In the winter of 1934, Earl Nichols of London, Ontario, was 33 years old, unemployed, and flat broke. It was the middle of the Great Depression. The economy had ground to a halt, and there were no jobs.
Nichols borrowed $150 from his mother and set up a small restaurant at a corner of what was then the main road between Toronto and Detroit. He called it the Three Little Pigs “Pentry,” after the popular Disney cartoon.
Its menu featured hot dogs, hamburgers, a drink called Orange Kool, and a wonderful basket of goodies known as Chicken Pickin’s. It was the first themed restaurant in town, and it became a popular hangout for students from the nearby University of Western Ontario.
In the spring of 1937, the Thames River overflowed its banks and flooded the entire district where the restaurant was located. When the waters receded and The Pigs re-opened, Nichols had a line painted at the high-water mark to remind his customers of the trial they had gone through together. Though he died a half-century ago and it’s a Mexican restaurant now, that line is still there, 83 years later.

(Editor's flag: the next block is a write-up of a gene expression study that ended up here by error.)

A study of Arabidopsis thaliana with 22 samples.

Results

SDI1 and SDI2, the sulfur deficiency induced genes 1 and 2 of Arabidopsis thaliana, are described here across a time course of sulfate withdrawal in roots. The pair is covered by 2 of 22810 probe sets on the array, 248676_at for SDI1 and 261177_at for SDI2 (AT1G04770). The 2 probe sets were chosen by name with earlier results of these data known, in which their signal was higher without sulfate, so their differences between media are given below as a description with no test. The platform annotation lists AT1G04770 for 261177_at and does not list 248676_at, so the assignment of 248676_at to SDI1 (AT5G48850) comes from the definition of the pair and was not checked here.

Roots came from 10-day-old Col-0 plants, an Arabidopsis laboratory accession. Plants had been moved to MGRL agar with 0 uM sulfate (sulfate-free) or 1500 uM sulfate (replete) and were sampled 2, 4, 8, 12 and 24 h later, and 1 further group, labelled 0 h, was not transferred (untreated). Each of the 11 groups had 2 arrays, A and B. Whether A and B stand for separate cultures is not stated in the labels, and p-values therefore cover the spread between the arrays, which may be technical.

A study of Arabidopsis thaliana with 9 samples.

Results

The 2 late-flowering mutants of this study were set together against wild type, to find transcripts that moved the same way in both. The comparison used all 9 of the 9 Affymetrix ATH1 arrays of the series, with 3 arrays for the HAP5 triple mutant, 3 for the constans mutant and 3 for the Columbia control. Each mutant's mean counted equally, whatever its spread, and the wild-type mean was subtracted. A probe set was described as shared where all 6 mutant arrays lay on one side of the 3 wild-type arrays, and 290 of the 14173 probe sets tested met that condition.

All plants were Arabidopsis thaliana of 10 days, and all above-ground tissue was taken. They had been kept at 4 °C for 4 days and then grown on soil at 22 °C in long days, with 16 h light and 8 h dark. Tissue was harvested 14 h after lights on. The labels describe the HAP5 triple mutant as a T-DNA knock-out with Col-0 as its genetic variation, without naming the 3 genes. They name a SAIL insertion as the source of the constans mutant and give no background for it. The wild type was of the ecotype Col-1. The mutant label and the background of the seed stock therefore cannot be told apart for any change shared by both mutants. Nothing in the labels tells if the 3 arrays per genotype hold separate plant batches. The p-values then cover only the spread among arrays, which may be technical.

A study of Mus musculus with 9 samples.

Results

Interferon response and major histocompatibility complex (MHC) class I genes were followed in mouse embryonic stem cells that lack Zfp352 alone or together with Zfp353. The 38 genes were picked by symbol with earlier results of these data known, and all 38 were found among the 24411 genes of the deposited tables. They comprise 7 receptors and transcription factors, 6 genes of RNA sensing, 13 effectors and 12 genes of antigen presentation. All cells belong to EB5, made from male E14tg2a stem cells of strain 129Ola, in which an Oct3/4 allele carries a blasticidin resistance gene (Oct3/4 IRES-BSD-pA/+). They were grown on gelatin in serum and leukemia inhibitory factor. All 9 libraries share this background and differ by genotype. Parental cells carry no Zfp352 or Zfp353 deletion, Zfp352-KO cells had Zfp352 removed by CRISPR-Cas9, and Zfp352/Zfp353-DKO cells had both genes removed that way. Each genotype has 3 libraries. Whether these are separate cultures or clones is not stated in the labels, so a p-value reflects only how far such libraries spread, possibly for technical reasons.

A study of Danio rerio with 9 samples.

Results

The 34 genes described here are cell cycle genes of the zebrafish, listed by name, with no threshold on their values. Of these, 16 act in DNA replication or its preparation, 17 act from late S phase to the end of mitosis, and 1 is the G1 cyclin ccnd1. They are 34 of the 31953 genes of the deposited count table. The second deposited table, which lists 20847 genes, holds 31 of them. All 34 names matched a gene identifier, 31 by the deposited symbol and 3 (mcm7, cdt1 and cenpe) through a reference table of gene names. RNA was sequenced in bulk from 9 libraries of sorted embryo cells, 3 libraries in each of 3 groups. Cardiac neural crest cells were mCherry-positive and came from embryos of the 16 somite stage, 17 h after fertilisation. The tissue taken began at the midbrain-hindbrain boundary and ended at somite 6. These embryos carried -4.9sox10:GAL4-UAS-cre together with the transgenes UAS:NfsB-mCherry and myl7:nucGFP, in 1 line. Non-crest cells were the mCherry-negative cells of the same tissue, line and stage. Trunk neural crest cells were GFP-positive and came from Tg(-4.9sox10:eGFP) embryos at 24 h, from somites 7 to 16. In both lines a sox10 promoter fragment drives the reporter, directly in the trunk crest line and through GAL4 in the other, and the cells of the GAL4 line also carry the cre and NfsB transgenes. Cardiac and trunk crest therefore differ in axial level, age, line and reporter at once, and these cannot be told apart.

Two years after that, World War II started, and young men at the university enlisted in large numbers. When business tailed off, Nichols branched out into catering weddings. It didn’t make him rich, but it paid the bills. And the Three Little Pigs became more popular than ever.
Summer, 1950, saw his neighbors gripped with fear as a great polio epidemic swept the city. Business slowed again because families with young children were afraid to go out to a restaurant or anywhere else.
Nichols sent baskets of Chicken Pickin’s every week to the staff at the local children’s hospital. The gesture turned the Three Little Pigs into a community institution, and business boomed.
Life, as author Hugh MacLennan once said, is “just one damned thing after another.” The Covid-19 crisis is unquestionably the worst of our lifetime and businesses are justifiably worried about whether they will survive. But if I could offer a word of advice, it would be this: remember that you’re not alone. Your entire community is behind you and will support you anyway it can.
By joining the Exmerce Trading Community to barter your goods and services, or even temporarily shift your focus to an area more suited to the situation, you become part of a community of like minds. Ideas you once considered impractical may now be realistic because other members will go out of their way to help you.
Don’t hesitate to ask them. And don’t hesitate to help when they ask you.
Your business is an important part of the fabric of the community, and Exmerce offers an opportunity to persevere and build a loyal following.
The situation may be bleak, but it won’t last forever.